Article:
The pierogi is a versatile dumpling that is most closely associated with Polish culture. Like many foods that emigrated to the United States from eastern Europe, pierogi dough and fillings were often a way of using up leftovers. Pierogi dough can begin with leftover mashed potatoes or be made more like pastry dough with a flour and fat combination. Fillings range in composition from meat (much like the Finnish pasties) or mushroom to cottage cheese to a fruit filling that is very much like that found in a Danish pastry. The pierogi is truly the dumpling for all seasons.
Pierogis are made into a distinctive half moon shape, with the edges crimped to contain the fillings. Pierogis are first cooked in boiling water, and then placed in a skillet covered with melted butter and browned on both sides. The end result is a savory or sweet flavor delight that would make any self respecting babushka proud.
During the last weekend of July, the town of Whiting, Indiana hosts Pierogi Fest. Here, visitors can taste the multiplicity of pierogis made by people who, if not recent immigrants, are first or second generation Polish Americans. The festival is well worth a trip to Chicagoland, especially if eating, dancing the polka and hoisting a few brewskis are considered to be some of life’s greatest pleasures.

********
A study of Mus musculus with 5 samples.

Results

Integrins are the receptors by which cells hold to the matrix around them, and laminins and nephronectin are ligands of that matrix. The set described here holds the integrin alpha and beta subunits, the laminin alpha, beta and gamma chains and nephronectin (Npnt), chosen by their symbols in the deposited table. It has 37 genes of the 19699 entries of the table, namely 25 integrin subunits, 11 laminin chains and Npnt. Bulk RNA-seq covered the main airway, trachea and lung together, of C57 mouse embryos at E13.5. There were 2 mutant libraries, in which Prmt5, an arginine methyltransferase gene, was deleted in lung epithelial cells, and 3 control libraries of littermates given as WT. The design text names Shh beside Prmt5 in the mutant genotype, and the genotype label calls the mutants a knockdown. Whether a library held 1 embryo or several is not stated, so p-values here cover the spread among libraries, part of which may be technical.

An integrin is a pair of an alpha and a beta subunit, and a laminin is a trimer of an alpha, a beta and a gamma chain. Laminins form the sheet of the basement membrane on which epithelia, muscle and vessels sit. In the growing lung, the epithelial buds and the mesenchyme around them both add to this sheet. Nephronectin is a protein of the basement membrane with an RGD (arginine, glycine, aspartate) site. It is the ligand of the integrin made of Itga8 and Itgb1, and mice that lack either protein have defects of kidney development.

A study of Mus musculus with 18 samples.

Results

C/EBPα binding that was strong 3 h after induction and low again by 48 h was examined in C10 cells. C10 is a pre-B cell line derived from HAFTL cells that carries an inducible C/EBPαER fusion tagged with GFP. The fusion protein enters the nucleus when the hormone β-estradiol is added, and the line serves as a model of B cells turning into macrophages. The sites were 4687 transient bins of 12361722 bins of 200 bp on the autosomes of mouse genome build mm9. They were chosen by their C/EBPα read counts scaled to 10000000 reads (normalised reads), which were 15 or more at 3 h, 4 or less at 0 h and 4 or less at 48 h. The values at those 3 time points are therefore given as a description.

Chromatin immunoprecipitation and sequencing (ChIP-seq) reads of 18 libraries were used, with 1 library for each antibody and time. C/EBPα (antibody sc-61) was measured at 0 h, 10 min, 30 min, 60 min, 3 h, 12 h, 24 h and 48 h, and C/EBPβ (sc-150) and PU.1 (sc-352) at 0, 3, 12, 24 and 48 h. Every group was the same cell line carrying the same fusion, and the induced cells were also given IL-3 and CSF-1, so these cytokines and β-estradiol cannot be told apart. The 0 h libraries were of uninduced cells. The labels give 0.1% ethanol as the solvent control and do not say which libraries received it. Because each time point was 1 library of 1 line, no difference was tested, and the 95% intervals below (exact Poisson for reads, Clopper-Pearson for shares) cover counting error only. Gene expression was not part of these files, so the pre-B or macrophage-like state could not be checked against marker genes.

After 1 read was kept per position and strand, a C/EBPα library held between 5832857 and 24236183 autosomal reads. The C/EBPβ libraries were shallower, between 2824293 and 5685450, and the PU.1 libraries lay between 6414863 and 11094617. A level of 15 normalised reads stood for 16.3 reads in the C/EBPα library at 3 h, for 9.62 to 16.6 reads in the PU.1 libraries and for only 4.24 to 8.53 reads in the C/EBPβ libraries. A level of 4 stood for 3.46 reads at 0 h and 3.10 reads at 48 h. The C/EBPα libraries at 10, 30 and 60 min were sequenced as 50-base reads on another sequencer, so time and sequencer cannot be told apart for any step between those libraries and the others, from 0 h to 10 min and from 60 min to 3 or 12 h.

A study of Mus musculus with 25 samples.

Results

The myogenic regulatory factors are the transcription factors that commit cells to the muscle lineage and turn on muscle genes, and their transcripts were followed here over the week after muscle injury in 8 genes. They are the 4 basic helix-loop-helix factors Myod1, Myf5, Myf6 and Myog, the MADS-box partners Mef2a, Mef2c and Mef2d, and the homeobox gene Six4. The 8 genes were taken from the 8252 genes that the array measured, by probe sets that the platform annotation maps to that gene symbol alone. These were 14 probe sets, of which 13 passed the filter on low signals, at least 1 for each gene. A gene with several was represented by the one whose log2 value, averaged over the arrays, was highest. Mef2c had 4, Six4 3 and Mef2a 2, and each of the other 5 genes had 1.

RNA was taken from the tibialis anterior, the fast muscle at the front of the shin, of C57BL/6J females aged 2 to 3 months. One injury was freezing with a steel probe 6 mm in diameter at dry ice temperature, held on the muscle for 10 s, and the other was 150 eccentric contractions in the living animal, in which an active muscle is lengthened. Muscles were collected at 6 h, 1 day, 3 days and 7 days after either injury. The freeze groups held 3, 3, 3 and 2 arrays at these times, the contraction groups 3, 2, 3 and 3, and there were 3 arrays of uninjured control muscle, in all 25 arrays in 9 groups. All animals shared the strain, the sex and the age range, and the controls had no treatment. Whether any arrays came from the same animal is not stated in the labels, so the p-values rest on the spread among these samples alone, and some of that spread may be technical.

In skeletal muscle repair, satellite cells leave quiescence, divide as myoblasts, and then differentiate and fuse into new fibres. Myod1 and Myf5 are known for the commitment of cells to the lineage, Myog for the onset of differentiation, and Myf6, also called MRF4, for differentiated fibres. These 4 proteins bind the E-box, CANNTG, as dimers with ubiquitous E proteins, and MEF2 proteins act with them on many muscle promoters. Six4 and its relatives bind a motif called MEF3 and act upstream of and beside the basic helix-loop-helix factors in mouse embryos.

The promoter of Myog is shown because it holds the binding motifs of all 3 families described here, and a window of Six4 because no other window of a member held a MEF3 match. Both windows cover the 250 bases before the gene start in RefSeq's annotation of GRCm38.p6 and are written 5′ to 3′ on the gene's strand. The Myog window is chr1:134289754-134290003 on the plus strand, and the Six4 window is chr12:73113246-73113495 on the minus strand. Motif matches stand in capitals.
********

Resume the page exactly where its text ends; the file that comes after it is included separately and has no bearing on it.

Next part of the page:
For those unable to attend Pierogi Fest, here is a basic recipe for cheese pierogis.
Pierogis (or pieroshki)
3 1/2 c. all purpose flour
1 tsp. baking powder
1 tsp. salt
1 tbsp. sugar
8 oz. cold butter
1 c. sour cream
Whisk together flour, baking powder, salt and sugar in large mixing bowl. Cut the butter into the flour until the mixture is the consistency of oatmeal.
Beat eggs together with the sour cream until smooth. Add all at once to the flour mixture and blend either by hand or with a wooden spoon until it forms a mass.
Remove dough to floured board. Knead a few minutes to make a smooth dough. Form into a ball, wrap tightly with cling wrap and refrigerate for 1 hour.
2 c. ricotta, small curd cottage or farmer’s cheese
1/4 c. melted butter (no substitutes)
In medium bowl, beat eggs slightly. Stir in farmer’s cheese and melted butter. If using cottage cheese, be sure to drain prior to using; otherwise the filling turns out too runny.
Unwrap chilled dough and divide in half. Return 1/2 of dough to refrigerator to keep cold. Place second half on a well floured surface. Roll to 1/4 inch thickness. Cut dough into 3″ rounds using a biscuit cutter or dumpling maker. Place 1 tbsp. of filling in the center of each round and fold into a crescent shape, crimping the edges to seal. Continue rolling, cutting and filling until all filling is used.
In a large saucepan, heat 2 quarts slightly salted water to boiling. Reduce heat so that water is at a simmer. Place several pierogis in the simmering liquid; do no crowd. Simmer for 15 minutes.
Melt enough butter in a skillet to cover the bottom. After removing pierogis from water, place on paper towels to dry and then place in melted butter. Heat a few minutes, turning so that entire dumpling is coated with melted butter.